In its simplest form, a private TCP/IP network that securely shares information using Hypertext Transfer Protocol (HTTP) and other Internet protocols with business partners such as vendors, suppliers, and wholesale customers.
An extranet is thus a corporate intranet that is exposed over the Internet to certain specific groups that need access to it. Extranets built in this fashion follow the client/server paradigm, with Web servers such as Microsoft Internet Information Services (IIS) functioning as the server, and Web browsers such as Microsoft Internet Explorer functioning as the client. Other extranet models exist, however, such as a peer-to-peer business connection for electronic data interchange (EDI).
Extranets are a powerful tool because they let businesses share resources on their own private networks over the Internet with suppliers, vendors, business partners, or customers. Extranets are typically used for supporting real-time supply chains, for enabling business partners to work together, or to share information such as catalogs with customers.
The power of the extranet is that it leverages the existing technology of the Internet to increase the power, flexibility, and competitiveness of businesses utilizing well-known and easily used tools such as Web servers and Web browsers. Extranets also save companies money by allowing them to establish business-to-business connectivity over the Internet instead of using expensive, dedicated leased lines. Extranets can also save money by reducing phone and fax costs.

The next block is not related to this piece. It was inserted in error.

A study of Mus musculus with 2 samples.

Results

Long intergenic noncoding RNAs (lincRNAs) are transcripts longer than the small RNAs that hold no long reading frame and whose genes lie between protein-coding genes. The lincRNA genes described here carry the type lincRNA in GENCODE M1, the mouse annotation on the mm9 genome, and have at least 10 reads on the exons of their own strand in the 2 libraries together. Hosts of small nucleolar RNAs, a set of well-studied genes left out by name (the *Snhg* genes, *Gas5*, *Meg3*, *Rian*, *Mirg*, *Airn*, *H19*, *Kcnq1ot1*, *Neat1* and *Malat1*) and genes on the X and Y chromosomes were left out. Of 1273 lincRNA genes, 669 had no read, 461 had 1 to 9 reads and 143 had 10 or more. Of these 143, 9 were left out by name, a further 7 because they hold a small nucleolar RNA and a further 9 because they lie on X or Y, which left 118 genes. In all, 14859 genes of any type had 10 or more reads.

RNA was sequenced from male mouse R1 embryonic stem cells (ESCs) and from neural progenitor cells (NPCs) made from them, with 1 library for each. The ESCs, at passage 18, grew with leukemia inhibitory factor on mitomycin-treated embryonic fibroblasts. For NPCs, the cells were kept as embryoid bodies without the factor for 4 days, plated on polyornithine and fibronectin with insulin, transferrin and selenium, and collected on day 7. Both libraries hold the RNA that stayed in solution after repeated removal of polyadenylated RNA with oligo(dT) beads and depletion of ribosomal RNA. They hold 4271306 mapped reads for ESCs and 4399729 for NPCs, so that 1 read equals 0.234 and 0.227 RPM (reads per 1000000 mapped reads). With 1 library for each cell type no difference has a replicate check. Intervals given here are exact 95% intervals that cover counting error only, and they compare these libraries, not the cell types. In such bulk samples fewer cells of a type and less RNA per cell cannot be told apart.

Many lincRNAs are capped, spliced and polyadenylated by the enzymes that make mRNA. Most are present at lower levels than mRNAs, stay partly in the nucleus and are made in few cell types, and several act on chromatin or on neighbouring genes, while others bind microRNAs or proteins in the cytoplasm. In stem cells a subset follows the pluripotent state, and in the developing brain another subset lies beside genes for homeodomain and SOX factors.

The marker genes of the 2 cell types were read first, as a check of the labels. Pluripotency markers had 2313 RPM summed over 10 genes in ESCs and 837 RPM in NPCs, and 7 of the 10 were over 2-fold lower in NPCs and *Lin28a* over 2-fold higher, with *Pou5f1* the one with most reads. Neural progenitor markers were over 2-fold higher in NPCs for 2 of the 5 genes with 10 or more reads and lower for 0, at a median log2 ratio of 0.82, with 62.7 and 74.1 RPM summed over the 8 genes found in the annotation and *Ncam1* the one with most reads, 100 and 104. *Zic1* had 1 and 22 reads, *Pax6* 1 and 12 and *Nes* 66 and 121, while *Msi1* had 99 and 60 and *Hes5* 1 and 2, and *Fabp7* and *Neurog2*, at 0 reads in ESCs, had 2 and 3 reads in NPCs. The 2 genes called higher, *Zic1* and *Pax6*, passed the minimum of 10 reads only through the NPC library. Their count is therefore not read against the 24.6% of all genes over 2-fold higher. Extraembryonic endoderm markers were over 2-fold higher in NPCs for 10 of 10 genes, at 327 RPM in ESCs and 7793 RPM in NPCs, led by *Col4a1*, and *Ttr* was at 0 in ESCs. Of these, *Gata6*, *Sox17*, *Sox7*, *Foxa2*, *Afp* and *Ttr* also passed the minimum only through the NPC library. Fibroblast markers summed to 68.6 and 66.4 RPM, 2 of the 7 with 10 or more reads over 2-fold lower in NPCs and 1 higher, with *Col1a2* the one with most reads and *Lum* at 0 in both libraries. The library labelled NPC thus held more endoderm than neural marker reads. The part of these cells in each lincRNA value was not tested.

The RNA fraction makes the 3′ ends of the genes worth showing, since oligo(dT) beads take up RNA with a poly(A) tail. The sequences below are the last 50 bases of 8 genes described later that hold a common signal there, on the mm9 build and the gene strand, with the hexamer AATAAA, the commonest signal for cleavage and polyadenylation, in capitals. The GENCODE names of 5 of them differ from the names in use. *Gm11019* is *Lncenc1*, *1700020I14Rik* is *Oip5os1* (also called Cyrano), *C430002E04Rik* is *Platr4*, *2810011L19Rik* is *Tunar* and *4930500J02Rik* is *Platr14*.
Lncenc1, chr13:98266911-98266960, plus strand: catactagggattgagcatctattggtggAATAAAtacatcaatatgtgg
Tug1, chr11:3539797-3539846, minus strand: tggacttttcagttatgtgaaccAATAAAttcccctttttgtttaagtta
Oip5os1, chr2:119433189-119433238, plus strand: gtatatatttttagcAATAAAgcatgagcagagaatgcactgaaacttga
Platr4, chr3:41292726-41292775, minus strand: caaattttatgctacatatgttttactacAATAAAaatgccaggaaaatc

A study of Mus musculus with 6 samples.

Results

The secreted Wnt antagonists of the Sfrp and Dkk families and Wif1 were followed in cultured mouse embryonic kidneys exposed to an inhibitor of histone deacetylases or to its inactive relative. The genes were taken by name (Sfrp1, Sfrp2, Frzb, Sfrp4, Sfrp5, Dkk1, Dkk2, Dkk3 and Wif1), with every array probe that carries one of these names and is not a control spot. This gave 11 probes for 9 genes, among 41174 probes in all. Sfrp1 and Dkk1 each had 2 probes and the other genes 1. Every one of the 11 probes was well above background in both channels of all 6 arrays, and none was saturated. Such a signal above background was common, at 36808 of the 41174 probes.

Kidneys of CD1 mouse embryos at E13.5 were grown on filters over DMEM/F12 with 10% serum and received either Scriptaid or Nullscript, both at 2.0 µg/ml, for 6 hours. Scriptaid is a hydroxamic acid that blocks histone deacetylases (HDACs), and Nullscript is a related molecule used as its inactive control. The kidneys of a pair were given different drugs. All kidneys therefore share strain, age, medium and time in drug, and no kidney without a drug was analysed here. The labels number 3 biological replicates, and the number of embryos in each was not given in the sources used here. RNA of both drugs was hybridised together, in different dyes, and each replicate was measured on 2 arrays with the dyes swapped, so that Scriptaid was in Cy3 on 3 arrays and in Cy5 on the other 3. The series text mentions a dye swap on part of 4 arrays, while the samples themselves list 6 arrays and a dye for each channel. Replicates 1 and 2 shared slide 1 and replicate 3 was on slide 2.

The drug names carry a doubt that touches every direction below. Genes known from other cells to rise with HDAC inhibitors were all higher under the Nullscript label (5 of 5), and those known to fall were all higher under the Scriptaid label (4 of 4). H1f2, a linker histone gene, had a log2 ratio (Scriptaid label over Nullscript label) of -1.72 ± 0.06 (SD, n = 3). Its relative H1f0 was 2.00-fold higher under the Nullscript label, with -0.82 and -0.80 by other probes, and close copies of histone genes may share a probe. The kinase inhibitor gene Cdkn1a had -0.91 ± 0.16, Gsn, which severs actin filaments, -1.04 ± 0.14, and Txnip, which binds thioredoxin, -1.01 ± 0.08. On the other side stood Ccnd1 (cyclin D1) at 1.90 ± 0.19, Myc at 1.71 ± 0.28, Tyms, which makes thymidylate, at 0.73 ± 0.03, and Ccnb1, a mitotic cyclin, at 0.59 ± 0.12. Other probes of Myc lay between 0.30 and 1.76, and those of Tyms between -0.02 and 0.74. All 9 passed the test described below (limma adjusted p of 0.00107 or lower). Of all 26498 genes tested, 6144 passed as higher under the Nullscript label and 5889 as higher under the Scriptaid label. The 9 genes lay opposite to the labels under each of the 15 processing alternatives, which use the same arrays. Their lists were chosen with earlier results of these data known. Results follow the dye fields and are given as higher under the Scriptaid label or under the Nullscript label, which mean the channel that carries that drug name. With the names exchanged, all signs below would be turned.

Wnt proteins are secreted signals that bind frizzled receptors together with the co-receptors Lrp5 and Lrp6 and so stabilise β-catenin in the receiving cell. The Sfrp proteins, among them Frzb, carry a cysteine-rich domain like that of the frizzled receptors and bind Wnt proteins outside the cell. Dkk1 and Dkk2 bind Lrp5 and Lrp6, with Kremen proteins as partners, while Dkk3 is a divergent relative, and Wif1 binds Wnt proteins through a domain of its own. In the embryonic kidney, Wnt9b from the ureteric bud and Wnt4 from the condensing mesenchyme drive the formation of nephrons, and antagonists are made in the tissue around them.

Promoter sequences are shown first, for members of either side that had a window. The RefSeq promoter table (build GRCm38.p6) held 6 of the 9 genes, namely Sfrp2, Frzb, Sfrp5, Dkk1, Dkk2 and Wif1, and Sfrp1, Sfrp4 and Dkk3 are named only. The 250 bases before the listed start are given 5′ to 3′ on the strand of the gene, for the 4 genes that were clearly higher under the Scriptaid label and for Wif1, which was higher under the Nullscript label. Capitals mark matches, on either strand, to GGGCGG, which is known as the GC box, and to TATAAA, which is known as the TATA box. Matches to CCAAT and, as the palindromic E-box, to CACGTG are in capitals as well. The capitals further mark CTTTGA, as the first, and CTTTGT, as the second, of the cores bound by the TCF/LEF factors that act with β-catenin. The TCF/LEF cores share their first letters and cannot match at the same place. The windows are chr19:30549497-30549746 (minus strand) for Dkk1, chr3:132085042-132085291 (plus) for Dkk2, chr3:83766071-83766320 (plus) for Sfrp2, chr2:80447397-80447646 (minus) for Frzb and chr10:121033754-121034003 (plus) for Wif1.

Peer-to-peer extranets between business partners typically use virtual private networks (VPNs) to establish secure, encrypted communication over the unsecured public Internet for the transmission of sensitive business information, such as EDI between partners, or between headquarters and branch offices.
These extranets act as dedicated gateways between business partners and generally do not allow private access to individual users. Peer-to-peer extranets can use Internet Protocol Security (IPSec) with a public key infrastructure (PKI) to provide IP-based authentication and encrypted transmission of information.
Client/server extranets have different requirements, as individual users need to be authenticated before receiving secure, encrypted access to company resources. Instead of authenticating on the basis of IP addresses as in peer-to-peer extranets, users must be authenticated using user accounts or digital certificates mapped to accounts.
Client/server extranets might support HTTP access only or might allow other client/server applications to run. Encryption for HTTP access is performed using the Secure Sockets Layer (SSL) protocol.